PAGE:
Nearby words

  1. stoccata,
  2. stochastic,
  3. stochastic matrix,
  4. stochastic terrorism,
  5. stochastic variable,
  6. stock and station agent,
  7. stock boy,
  8. stock buyback,
  9. stock car,
  10. stock certificate


Origin of stock

before 900; (noun) Middle English; Old English stoc(c) stump, stake, post, log; cognate with German Stock, Old Norse stokkr tree-trunk; (v.) derivative of the noun

Related forms Unabridged Based on the Random House Unabridged Dictionary, © Random House, Inc. 2019

British Dictionary definitions for out of stock



  1. (sometimes plural)the total goods or raw material kept on the premises of a shop or business
  2. (as modifier)a stock clerk; stock book
a supply of something stored for future usehe keeps a good stock of whisky
  1. the capital raised by a company through the issue and subscription of shares entitling their holders to dividends, partial ownership, and usually voting rights
  2. the proportion of such capital held by an individual shareholder
  3. the shares of a specified company or industry
  4. (formerly) the part of an account or tally given to a creditor
  5. the debt represented by this
standing or status
  1. farm animals, such as cattle and sheep, bred and kept for their meat, skins, etc
  2. (as modifier)stock farming
the trunk or main stem of a tree or other plant
  1. a rooted plant into which a scion is inserted during grafting
  2. a plant or stem from which cuttings are takenSee also rootstock
the original type from which a particular race, family, group, etc, is derived
a race, breed, or variety of animals or plants
(often plural) a small pen in which a single animal can be confined
a line of descent
any of the major subdivisions of the human species; race or ethnic group
the part of a rifle, sub-machine-gun, etc, into which the barrel and firing mechanism is set: held by the firer against the shoulder
the handle of something, such as a whip or fishing rod
the main body of a tool, such as the block of a plane
(formerly) the part of a plough to which the irons and handles were attached
the main upright part of a supporting structure
a liquid or broth in which meat, fish, bones, or vegetables have been simmered for a long time
film material before exposure and processing
  1. a portion of metal cut from a bar upon which a specific process, such as forging, is to be carried out
  2. the material that is smelted in a blast furnace
Also called: gillyflower any of several plants of the genus Matthiola, such as M. incana and M. bicornis (evening or night-scented stock), of the Mediterranean region, cultivated for their brightly coloured flowers: Brassicaceae (crucifers)
Virginian stock a similar and related North American plant, Malcolmia maritima
a long usually white neckcloth wrapped around the neck, worn in the 18th century and as part of modern riding dress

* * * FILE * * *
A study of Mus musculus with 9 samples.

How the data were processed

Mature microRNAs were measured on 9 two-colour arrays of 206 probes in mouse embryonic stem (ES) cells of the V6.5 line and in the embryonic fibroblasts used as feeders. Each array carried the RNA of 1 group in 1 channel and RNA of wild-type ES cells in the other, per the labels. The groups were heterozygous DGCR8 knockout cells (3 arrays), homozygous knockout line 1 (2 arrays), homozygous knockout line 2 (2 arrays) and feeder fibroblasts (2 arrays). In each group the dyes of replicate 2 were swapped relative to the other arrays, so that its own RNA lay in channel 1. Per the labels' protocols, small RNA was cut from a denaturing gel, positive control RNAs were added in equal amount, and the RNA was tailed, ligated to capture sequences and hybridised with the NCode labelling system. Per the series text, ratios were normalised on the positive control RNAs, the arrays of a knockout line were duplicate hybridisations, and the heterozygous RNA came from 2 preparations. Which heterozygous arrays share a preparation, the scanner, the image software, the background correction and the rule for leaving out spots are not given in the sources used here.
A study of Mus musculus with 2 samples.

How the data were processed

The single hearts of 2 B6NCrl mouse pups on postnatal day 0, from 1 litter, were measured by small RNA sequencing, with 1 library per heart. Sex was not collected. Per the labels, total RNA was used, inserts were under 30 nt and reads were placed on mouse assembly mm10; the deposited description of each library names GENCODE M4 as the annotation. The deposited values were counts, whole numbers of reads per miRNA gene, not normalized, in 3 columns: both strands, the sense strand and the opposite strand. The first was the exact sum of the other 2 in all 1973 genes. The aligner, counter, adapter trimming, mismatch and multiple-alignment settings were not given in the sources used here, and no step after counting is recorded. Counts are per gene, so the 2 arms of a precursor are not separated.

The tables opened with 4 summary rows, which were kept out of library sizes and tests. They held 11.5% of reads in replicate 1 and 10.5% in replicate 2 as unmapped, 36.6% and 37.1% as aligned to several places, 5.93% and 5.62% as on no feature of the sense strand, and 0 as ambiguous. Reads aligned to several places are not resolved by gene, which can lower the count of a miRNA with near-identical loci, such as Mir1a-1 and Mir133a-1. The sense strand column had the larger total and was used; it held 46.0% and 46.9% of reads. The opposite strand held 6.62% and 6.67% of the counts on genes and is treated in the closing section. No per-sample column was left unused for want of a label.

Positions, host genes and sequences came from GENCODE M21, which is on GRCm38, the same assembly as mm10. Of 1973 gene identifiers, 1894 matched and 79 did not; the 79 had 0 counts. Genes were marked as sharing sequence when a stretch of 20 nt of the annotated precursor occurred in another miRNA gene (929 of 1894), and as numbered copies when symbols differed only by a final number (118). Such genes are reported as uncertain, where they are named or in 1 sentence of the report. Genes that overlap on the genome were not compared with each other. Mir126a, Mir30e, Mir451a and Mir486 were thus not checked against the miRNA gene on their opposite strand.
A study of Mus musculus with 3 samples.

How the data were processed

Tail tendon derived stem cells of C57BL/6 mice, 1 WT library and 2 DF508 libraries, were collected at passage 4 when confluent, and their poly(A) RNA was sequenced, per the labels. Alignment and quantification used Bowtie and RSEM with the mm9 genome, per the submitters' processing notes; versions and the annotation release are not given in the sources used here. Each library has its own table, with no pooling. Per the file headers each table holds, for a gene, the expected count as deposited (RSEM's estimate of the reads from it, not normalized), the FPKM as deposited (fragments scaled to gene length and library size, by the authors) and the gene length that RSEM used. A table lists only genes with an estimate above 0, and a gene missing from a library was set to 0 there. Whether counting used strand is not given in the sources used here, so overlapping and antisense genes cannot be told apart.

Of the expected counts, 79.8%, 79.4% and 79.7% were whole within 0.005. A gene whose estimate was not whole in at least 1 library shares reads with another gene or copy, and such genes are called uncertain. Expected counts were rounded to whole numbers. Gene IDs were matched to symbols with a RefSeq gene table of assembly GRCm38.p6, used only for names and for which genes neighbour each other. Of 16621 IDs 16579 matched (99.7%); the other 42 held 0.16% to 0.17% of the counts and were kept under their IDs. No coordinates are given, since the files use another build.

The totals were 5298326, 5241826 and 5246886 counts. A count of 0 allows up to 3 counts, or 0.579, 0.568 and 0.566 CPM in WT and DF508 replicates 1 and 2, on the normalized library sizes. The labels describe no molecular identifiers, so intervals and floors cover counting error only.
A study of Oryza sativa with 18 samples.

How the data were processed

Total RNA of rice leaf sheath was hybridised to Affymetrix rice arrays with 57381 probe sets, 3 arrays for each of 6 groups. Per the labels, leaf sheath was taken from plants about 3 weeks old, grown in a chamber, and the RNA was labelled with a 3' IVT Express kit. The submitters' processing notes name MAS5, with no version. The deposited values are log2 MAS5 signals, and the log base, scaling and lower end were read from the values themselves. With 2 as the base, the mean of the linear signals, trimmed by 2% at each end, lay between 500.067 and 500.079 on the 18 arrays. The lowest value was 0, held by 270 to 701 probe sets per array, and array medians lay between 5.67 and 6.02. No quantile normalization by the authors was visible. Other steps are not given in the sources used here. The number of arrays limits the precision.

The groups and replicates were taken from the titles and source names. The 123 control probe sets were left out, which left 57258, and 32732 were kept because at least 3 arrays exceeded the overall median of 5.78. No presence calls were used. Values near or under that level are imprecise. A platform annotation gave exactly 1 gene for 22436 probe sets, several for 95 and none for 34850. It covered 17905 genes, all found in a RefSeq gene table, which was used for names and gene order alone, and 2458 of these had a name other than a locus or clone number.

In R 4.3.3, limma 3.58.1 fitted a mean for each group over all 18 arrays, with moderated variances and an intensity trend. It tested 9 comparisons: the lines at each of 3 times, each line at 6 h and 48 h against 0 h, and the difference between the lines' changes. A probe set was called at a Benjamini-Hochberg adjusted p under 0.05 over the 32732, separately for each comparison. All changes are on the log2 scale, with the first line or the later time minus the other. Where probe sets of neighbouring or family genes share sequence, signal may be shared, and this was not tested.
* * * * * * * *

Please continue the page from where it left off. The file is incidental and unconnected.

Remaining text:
cards a pile of cards left after the deal in certain games, from which players draw
  1. the repertoire of plays available to a repertory company
  2. (as modifier)a stock play
(on some types of anchors) a crosspiece at the top of the shank under the ring
the centre of a wheel
an exposed igneous intrusion that is smaller in area than a batholith
a log or block of wood
an archaic word for stocking
in stock
  1. stored on the premises or available for sale or use
  2. supplied with goods of a specified kind
out of stock
  1. not immediately available for sale or use
  2. not having goods of a specified kind immediately available
take stock
  1. to make an inventory
  2. to make a general appraisal, esp of prospects, resources, etc
take stock in to attach importance to
lock, stock, and barrel See lock 1 (def. 7)


staple, standardstock sizes in clothes
(prenominal) being a cliché; hackneyeda stock phrase


(tr) to keep (goods) for sale
(intr; usually foll by up or up on) to obtain a store of (something) for future use or saleto stock up on beer
(tr) to supply with live animals, fish, etcto stock a farm
(intr) (of a plant) to put forth new shoots
(tr) obsolete to punish by putting in the stocks
See also stocks

Derived Formsstocker, noun

Word Origin for stock

Old English stocc trunk (of a tree), stem, stick (the various senses developed from these meanings, as trunk of a tree, hence line of descent; structures made of timber; a store of timber or other goods for future use, hence an aggregate of goods, animals, etc); related to Old Saxon, Old High German stock stick, stump

Collins English Dictionary - Complete & Unabridged 2012 Digital Edition © William Collins Sons & Co. Ltd. 1979, 1986 © HarperCollins Publishers 1998, 2000, 2003, 2005, 2006, 2007, 2009, 2012

Word Origin and History for out of stock
Online Etymology Dictionary, © 2010 Douglas Harper

Science definitions for out of stock



The trunk or main stem of a tree or another plant.
A plant or stem onto which a graft is made.
A plant or tree from which cuttings and scions are taken.
The American Heritage® Science Dictionary Copyright © 2011. Published by Houghton Mifflin Harcourt Publishing Company. All rights reserved.

Culture definitions for out of stock


A share in the ownership of a corporation.

The New Dictionary of Cultural Literacy, Third Edition Copyright © 2005 by Houghton Mifflin Harcourt Publishing Company. Published by Houghton Mifflin Harcourt Publishing Company. All rights reserved.

Idioms and Phrases with out of stock

out of stock

see under in stock.


see in stock; lock, stock, and barrel; make a laughing stock of; take stock; take stock in.

The American Heritage® Idioms Dictionary Copyright © 2002, 2001, 1995 by Houghton Mifflin Harcourt Publishing Company. Published by Houghton Mifflin Harcourt Publishing Company.